Reality knocked on my door in a big way this summer when I got a call about a friend from college. We lived on the same hall freshman year, pledged together, gained the “freshman fifteen” together and, though our lives took us in different directions, we always were connected. She had just received the news that she been diagnosed with breast cancer and had made the brave decision to have a double mastectomy. Shock, fear, heartbreak, tears all came at once. She, on the other hand was composed and strong stating that she would be fine, that they had found it early and the prognosis was good. Most importantly, she let me know that it would not define her. She was consoling me, telling me that she would be fine. Right then, listening to her soft, reassuring voice I understood the true meaning of courage.
It is doing something afraid. My beautiful friend is doing that every day and that’s not easy. But no one ever said that it would be and so we are left with the opportunity to choose our path and either smile as we walk over the rocks and stumps that are in our way or complain about what is under our feet.
Courage is an extraordinary quality, but I have found that it also exists in the ordinary of everyday life. It’s not only for those who risk their life in seemly no win situations, it’s also just getting up in the morning and making the coffee and having hope for a better today.
A lot of the time we define courage as being physically strong and having not an ounce of fear even in the most terrifying situations. Like knights going in to battle, swords drawn ready to save the kingdom or the damsel in distress. Sure they look all shiny and handsome in that armor but you can’t tell me that more than one of those guys wasn’t sweating under his chain link t-shirt.
Most of the time we find courage when and where we least expect it, when our backs are against the wall and we have to choose between crumbling to the ground or squaring our shoulders and forging ahead. It’s not an easy choice. When things get hard I want to pull the covers over my head and not confront the reality that is slapping me in the face.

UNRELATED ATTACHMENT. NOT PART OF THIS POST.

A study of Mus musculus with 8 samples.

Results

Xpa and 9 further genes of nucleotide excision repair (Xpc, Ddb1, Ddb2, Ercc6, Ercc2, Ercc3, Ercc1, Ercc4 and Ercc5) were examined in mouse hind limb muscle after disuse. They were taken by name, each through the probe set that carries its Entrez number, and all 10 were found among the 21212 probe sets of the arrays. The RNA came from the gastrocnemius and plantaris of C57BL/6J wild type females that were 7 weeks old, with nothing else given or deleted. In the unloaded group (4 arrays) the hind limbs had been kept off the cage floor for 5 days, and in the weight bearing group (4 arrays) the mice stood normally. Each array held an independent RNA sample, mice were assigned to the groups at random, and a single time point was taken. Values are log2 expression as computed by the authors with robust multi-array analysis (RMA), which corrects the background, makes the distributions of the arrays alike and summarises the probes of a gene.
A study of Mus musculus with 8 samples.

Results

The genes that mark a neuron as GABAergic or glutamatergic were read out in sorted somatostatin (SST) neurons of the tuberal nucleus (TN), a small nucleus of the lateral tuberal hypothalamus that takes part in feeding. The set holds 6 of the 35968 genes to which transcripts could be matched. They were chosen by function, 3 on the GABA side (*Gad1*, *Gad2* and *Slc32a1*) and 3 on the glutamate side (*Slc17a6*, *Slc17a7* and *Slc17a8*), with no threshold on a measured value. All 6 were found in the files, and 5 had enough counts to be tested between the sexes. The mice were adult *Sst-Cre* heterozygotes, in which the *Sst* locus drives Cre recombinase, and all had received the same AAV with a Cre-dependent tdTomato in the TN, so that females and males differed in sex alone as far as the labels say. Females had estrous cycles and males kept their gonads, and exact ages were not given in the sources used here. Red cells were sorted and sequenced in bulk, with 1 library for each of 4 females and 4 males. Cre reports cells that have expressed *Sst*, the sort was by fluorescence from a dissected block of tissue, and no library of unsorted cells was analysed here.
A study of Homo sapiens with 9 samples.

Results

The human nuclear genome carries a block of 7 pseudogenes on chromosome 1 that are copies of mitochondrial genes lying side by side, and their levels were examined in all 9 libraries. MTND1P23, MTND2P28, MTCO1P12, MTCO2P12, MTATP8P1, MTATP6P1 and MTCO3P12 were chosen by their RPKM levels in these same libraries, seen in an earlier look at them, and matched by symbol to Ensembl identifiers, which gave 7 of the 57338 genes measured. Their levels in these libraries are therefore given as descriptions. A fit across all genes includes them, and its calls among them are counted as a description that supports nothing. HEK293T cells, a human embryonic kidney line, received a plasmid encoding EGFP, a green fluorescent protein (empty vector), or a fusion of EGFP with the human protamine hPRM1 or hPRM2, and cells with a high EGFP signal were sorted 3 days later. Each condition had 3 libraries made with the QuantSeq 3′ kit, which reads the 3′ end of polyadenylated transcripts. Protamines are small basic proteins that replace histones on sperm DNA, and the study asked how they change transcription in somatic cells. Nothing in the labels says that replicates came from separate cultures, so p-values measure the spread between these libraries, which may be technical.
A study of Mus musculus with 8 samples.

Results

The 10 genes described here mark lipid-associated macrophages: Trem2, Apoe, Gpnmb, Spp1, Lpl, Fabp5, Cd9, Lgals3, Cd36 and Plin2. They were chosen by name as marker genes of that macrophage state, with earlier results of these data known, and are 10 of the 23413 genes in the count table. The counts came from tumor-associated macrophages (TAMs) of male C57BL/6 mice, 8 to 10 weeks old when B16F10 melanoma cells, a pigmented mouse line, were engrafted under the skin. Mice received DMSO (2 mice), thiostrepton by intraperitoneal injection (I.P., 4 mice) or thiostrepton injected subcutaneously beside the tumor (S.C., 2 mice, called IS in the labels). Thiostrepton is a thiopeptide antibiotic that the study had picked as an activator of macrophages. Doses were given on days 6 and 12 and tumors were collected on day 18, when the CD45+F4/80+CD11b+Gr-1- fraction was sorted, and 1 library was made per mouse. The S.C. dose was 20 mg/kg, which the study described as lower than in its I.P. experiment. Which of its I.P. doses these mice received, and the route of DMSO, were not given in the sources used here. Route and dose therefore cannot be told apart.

But hiding never solves anything and just usually leaves you with a bigger mess to clean up later. These women and men who are fighting this disease, this cancer, do not have the luxury to crawl up in a ball and wait for it all to go away.
They are backed up in a corner and are choosing to fight and to overcome and this is what is getting them through, their internal strength and determination. They are going into battle, swords drawn and ready to take down the enemy. Do they have moments of wanting to hide? I am sure that they do but the will to fight takes over and pushes them through. And that is why I call them Hero’s. Most will say that they are not, that they are just doing what they need to do to get better, to be with their family and friends and, in some cases to just make it through the day. But they are Hero’s because they will not give up.
I have heard cancer called the big “C.” Maybe it was in conversation or when I watched Sex in the City and Samantha had been diagnosed. I refuse to give that word that much power because the people who are fighting this are so much bigger than the disease.
My children will always ask (in their not so discrete way) when they see a bald woman with a bandana on or a small child without hair “Mom, do they have cancer?” The next time they ask I am going to gather them around me and look them in the eye and reply, “no, they have Courage.”